The Bishop of Hexham and Newcastle resigned after “a succession of errors of judgement” made his position untenable, according to a Vatican report.
Bishop Robert Byrne submitted his resignation to the Pope last December. In January, the Vatican’s Dicastery for Bishops commissioned the Archbishop of Liverpool, Malcolm McMahon, to investigate the circumstances of his departure.
Bishop Byrne said that he left his office after it had “become too great a burden” and he was unable to carry out his duties. In a summary of his investigation published yesterday, Archbishop McMahon said that he “found no reason to disbelieve him”.
The summary is “provided to answer some of the claims which have appeared in the media”.
Archbishop McMahon notes but does not comment on unspecified other matters surrounding the bishop’s resignation “which are internal to the Diocese of Hexham and Newcastle and are not directly of public interest”.
His summary addresses specific events during Bishop Byrne’s tenure, including alleged parties in St Mary’s Cathedral during the Covid pandemic and major safeguarding scandals – the suicide of Canon Michael McCoy and the bishop’s association with the convicted paedophile Fr Timothy Gardner.
When the investigation began in January, allegations circulated of “sex parties” in the cathedral in Newcastle during lockdown.
“Allegations that lewd parties took place at St Mary’s Cathedral during the pandemic are simply untrue,” Archbishop McMahon writes.
His summary reports that refreshments were occasionally offered for volunteers at the cathedral house after permitted services, contrary to pandemic regulations. Northumbria police did not take action on two reports of this activity, one submitted at the time and another as part of Archbishop McMahon’s investigation.
The summary adds: “Bishop Byrne was not present at any of these gatherings.”
Canon McCoy, whom Bishop Byrne appointed dean of the cathedral shortly after his own installation in 2019, killed himself in 2021 after he was told that police were investigating historic sexual allegations against him.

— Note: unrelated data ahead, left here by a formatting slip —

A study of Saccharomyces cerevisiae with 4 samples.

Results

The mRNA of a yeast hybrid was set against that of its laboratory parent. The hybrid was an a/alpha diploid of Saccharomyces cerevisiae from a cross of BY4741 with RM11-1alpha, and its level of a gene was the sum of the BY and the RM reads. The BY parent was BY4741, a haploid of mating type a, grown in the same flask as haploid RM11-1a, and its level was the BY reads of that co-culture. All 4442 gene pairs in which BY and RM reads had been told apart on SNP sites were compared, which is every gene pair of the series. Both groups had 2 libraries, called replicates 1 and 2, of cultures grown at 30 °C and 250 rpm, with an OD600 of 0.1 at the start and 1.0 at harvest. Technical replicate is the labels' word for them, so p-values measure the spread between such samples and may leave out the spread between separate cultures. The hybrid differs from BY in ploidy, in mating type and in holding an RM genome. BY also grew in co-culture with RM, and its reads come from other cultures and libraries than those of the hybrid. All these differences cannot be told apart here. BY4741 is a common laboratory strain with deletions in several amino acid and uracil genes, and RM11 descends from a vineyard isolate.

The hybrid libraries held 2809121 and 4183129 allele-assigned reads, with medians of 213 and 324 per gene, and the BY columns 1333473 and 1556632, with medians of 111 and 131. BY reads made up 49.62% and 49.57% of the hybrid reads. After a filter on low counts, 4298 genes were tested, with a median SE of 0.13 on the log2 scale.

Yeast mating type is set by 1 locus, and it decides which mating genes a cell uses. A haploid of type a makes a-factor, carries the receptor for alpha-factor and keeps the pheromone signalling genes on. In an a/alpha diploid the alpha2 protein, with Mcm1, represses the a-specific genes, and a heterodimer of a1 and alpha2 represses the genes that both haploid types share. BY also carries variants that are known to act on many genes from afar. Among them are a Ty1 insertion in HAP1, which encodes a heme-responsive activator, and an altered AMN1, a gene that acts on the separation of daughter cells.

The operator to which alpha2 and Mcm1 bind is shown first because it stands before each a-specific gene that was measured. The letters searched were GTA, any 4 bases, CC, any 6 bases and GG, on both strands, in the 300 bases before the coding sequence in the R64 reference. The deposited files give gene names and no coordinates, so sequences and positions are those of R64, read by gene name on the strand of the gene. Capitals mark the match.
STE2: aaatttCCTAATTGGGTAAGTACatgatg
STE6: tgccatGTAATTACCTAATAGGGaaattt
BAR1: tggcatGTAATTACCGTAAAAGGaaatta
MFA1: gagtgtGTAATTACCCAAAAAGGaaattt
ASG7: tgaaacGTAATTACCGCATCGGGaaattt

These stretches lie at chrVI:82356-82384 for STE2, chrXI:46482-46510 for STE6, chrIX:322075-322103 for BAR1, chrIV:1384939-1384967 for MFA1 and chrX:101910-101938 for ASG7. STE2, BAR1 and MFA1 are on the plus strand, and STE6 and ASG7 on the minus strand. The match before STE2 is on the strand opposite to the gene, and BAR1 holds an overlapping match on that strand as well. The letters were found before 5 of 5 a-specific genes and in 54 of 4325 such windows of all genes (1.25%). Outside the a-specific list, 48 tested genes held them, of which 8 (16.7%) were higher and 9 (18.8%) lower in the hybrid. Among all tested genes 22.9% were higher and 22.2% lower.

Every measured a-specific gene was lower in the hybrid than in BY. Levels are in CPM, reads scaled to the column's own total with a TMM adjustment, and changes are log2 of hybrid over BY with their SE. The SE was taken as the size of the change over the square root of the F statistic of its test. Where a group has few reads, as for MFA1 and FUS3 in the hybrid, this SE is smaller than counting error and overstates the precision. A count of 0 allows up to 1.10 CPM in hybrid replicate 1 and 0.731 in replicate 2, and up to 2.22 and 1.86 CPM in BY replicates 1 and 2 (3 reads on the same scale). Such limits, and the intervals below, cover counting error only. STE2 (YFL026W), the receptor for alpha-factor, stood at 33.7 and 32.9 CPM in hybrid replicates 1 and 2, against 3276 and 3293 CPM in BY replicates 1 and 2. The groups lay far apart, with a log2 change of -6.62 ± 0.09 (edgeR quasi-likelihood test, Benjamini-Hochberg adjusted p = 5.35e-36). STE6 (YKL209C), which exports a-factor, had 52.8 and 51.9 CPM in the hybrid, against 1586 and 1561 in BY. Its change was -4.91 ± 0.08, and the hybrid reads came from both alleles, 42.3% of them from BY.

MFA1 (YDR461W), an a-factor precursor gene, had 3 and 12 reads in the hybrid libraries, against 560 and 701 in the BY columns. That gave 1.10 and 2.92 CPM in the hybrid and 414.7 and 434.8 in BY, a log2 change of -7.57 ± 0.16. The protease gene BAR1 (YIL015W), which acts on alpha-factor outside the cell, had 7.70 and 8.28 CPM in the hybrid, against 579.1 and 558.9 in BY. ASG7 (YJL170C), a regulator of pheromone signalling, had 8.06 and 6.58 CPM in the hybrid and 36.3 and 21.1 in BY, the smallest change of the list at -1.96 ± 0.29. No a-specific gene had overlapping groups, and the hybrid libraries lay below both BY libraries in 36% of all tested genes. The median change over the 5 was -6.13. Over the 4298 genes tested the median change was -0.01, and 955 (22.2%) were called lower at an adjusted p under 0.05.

Archbishop McMahon found that Byrne “had been notified from more than one source of the safeguarding issues” relating to Canon McCoy.
The summary continues: “It was an error of judgement to then promote a priest with a safeguarding record to a high-profile position.
“Instead, Bishop Byrne could have paid greater heed to ensuring that Michael McCoy was appropriately managed given the safeguarding concerns which had been raised.”
Timothy Gardner, a Dominican priest convicted in 2014 of making and possessing indecent images of children, met and associated with Bishop Byrne in Newcastle. The two had known each other for many years.
The report found that contrary to advice from “senior priests in the diocese that this was an inappropriate relationship”, Byrne maintained that it was pastoral and continued the association.
“Bishop Byrne failed to understand the risk he was taking both for himself and the diocese,” the summary says.
Alongside these matters, Archbishop McMahon notes the sale of Bishop’s House in the west of Newcastle and the move to another in the prosperous suburb of Gosforth, which attracted comment in the local and national press.
“Although the relocation realised a financial surplus, it was considered by many priests, deacons and people in the diocese to be an error of judgement.”
The summary suggests that Byrne should have found a property “in a less conspicuous area at a lower cost”.
“This would have been a sign of his willingness to come closer to his people.”
Archbishop McMahon also notes tensions in the diocese over the academisation of its schools, adding that it is a subject “which I will be looking into further in coming months”.
He concludes that Bishop Byrne’s errors “exacerbated the key issues” and that “his failure to see his part in these situations made clear his inability to cope with the demands of his role”.
In the course of the summary, the archbishop says that he has “no concerns in terms of governance or the operation of the diocese” and is “satisfied that safeguarding in the diocese is safe” after interim reports by the Catholic Safeguarding Standards Agency.
The agency is expected to publish its full report in the coming weeks.
The Diocese of Hexham and Newcastle published Archbishop McMahon’s summary on its website and social media on Wednesday.
More than 2,000 clergy and lay people in the diocese responded to a survey circulated for the investigation. The archbishop said that its results will be published in a separate document.